Webbert got evidence under oath that supports wrongful termination


BUCKFIELD — After initially being denied unemployment benefits, the former Buckfield library director won her appeal with the Department of Labor, which  ruled she was entitled to unemployment. The town can appeal the most recent ruling.

West Minot resident Bonnie Santos was the Zadoc Free Library director from February 2014 until Jan. 21, 2017, when Buckfield Town Manager Cindy Dunn terminated her.  Santos previously served as assistant director of the library since 2010.

The ruling stating the town must pay Santos unemployment benefits came from Department of Labor Administrative Hearing Officer Wayne Reed, according to Santos’ attorney, David Webbert.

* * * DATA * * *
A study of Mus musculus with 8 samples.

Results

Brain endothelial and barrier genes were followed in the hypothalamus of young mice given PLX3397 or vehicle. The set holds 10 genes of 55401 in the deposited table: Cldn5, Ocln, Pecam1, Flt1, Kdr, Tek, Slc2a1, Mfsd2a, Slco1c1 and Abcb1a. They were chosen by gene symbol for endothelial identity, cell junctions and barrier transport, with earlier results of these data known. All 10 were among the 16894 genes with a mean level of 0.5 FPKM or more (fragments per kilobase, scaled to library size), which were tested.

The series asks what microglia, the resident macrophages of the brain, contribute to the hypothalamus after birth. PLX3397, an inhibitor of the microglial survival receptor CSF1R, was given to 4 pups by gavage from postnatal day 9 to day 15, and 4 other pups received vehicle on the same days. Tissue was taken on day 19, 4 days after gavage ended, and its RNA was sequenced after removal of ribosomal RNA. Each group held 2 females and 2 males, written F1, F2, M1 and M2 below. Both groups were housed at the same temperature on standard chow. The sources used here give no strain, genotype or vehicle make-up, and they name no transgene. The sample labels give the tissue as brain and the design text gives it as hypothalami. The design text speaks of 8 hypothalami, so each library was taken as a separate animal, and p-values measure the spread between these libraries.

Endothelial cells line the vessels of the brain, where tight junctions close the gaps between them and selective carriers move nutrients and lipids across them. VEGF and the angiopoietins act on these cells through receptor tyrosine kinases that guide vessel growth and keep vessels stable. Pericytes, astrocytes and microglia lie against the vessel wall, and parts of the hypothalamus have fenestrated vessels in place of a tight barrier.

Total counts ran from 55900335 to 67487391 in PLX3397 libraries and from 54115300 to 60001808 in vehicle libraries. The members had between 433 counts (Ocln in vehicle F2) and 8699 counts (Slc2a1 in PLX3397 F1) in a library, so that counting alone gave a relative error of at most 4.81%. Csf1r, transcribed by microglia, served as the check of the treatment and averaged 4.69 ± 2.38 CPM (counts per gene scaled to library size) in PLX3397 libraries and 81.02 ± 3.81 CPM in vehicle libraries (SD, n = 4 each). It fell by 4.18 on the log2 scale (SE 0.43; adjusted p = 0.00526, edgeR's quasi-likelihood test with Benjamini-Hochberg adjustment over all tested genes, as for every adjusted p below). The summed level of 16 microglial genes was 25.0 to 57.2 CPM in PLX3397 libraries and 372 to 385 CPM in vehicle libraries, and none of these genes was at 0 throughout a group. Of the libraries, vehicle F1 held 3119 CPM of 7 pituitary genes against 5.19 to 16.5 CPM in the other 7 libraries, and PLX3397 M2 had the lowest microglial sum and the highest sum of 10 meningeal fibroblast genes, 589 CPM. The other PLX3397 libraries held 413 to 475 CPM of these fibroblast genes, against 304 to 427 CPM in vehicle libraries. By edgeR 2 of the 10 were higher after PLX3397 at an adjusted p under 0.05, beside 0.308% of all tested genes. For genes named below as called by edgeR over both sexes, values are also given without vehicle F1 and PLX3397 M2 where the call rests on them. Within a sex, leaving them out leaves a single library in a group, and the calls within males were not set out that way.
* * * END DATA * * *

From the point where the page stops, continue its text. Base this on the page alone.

“The process has been a ping pong match,” Dunn said about the denial and appeal of unemployment benefits for Santos. “It was ruled in the town’s favor initially. The second time it was ruled in the former employee’s favor.”



“I am very pleased that the Department of Labor appeals hearing officer’s … report that I received Monday, [May 8] confirmed that I am entitled to unemployment benefits based on the incorrect procedure that was used to fire me,” Santos said.



“We won the unemployment but more importantly we got evidence under oath that supports the wrongful termination case,” Webbert said. “Bonnie would like to resolve this matter out of court. Life is too short. I recommend [to] all my clients legal action … should be a last resort. … Mediation, for example, is a very normal thing people would go to and have. Why would you not do that?”

He added he offered the town go to mediation to work out Santos’ case, but did not receive a response back.